The works of three distinct artists are on display in the latest exhibit at the hob'art co-operative gallery, now in its permanent home at the Monroe Center for the Arts. The exhibit, which held a reception with the artists on Saturday, will be open until September 9.
The exhibit is titled REVERIE, which according to the official exhibit statement is "Defined as a daydream, or the condition of being lost in thought, adding a state of consciousness to dreams. REVERIE depicts the transition from imagination into reality, challenging each artist to render their visions in their own unique way.”
There are two artists in the exhibit who depict women and femininity, including Janet Kolstein, whose Giclee prints show a series of pensive, haunted and forlorn looking women.
Kolstein said she first takes a photograph and then embellishes it with pastels and pencils, and then manipulates the image on a computer before printing it. She said she spends anywhere between a couple of hours to a couple of months on any given piece, depending on when she thinks she has finished.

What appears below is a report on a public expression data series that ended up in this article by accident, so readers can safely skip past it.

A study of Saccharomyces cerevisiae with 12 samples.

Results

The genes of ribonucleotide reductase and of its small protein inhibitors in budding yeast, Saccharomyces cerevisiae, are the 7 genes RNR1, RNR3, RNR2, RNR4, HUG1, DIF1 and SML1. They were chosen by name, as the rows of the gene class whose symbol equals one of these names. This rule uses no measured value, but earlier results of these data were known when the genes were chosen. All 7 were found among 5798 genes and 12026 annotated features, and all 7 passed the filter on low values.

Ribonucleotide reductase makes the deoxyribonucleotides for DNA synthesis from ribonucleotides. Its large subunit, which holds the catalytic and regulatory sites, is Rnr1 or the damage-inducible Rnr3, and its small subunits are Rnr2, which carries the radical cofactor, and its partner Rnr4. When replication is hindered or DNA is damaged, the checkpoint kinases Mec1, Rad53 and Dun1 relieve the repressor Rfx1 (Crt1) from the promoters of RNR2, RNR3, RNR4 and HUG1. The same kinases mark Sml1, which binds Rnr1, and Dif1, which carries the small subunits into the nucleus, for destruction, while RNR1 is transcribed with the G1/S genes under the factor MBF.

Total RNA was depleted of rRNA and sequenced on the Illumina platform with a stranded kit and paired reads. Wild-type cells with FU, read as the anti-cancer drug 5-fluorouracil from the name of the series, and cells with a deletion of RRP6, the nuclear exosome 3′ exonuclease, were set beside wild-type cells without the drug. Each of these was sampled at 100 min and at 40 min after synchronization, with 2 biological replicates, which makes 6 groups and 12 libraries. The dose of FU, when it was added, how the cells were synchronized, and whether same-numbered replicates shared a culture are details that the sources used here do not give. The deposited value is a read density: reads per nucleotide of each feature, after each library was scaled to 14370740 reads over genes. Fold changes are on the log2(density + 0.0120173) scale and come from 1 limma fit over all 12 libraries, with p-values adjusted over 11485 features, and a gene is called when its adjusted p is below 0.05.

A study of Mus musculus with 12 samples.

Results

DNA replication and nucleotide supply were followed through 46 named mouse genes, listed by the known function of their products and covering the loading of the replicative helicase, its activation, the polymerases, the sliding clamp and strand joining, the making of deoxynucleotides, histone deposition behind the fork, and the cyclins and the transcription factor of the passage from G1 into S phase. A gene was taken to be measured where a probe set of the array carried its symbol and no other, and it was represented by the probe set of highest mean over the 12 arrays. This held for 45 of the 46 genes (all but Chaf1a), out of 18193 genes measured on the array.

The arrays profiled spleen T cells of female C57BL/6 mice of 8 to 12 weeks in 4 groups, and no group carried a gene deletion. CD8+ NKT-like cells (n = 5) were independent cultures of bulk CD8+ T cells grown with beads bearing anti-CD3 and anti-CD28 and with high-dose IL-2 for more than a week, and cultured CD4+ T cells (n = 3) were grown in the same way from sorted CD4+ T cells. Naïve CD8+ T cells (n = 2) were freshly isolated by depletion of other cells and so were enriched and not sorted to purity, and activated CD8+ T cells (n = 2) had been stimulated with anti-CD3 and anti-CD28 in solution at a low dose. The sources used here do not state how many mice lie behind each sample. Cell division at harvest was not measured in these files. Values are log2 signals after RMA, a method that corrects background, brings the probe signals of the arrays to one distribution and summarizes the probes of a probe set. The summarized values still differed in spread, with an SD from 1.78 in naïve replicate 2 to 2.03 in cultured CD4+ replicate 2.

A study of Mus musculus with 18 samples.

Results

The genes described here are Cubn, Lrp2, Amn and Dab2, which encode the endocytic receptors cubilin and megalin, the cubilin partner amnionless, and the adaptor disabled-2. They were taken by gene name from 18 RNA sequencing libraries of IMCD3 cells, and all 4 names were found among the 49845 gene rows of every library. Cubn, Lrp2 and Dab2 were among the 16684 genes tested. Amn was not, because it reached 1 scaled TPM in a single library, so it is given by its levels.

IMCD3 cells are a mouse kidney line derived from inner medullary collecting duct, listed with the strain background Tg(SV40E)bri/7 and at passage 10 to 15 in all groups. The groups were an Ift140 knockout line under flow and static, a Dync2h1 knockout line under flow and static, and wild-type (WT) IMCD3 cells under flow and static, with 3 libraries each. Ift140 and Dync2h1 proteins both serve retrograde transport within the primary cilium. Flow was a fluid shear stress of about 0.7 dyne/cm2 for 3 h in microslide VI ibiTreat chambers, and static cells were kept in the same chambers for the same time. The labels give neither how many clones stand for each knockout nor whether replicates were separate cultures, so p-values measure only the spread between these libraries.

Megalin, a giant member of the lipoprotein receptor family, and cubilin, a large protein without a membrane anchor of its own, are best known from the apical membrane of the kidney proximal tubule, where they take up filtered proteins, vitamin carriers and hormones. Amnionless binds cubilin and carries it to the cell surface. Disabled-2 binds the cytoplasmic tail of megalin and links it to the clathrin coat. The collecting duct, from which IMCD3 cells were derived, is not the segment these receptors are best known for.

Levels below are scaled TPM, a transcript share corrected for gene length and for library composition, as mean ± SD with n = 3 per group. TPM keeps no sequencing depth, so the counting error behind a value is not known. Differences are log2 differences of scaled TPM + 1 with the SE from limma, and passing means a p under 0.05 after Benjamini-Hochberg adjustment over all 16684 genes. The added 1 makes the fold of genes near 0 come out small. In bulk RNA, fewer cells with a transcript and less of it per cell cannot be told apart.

The Guttenberg resident said she has been honing her art for a very long time.
“I've been an artist since I was a child,” Kolstein said. “Since I could hold crayons.”
Kolstein's photos of women compliment the large sculpted paper canvases by Hoboken resident Heather Corey. Corey's collection, titled "Love Garments," depicts the female body.
"These pieces are based on personal experiences, and show a lot of emotions and a lot of colors,” Corey said.
Corey, who worked on her series while on summer break from teaching art, said she undergoes a rigorous process to make each piece, alternating between what she calls a wet studio and a dry studio. She said she takes several weeks to shape and color the various papers on each canvas.
The exhibit also features the work of Erik Attia, a biologist by day and a maker of masks in his spare time, including for the famed Cirque du Soleil.
“I'm inspired by natural elements, like birds, animals and landscapes,” Attia said.
Attia said his masks match the Venetian style, and that in addition to paper mache, plaster and clay he also uses natural materials such as beetle shells.
Attia said he appreciates that his masks are always very visible in art exhibits.
“They're unique and they stand out on the walls,” he said.
To see the work of these three artists, visit the hob'art space in suite 208 in the Monroe Center. The gallery is open every Saturday and Sunday from 12pm-5pm, and also by appointment. For more information, including on future shows featuring the group's several dozen member artists, visit the hob'art website.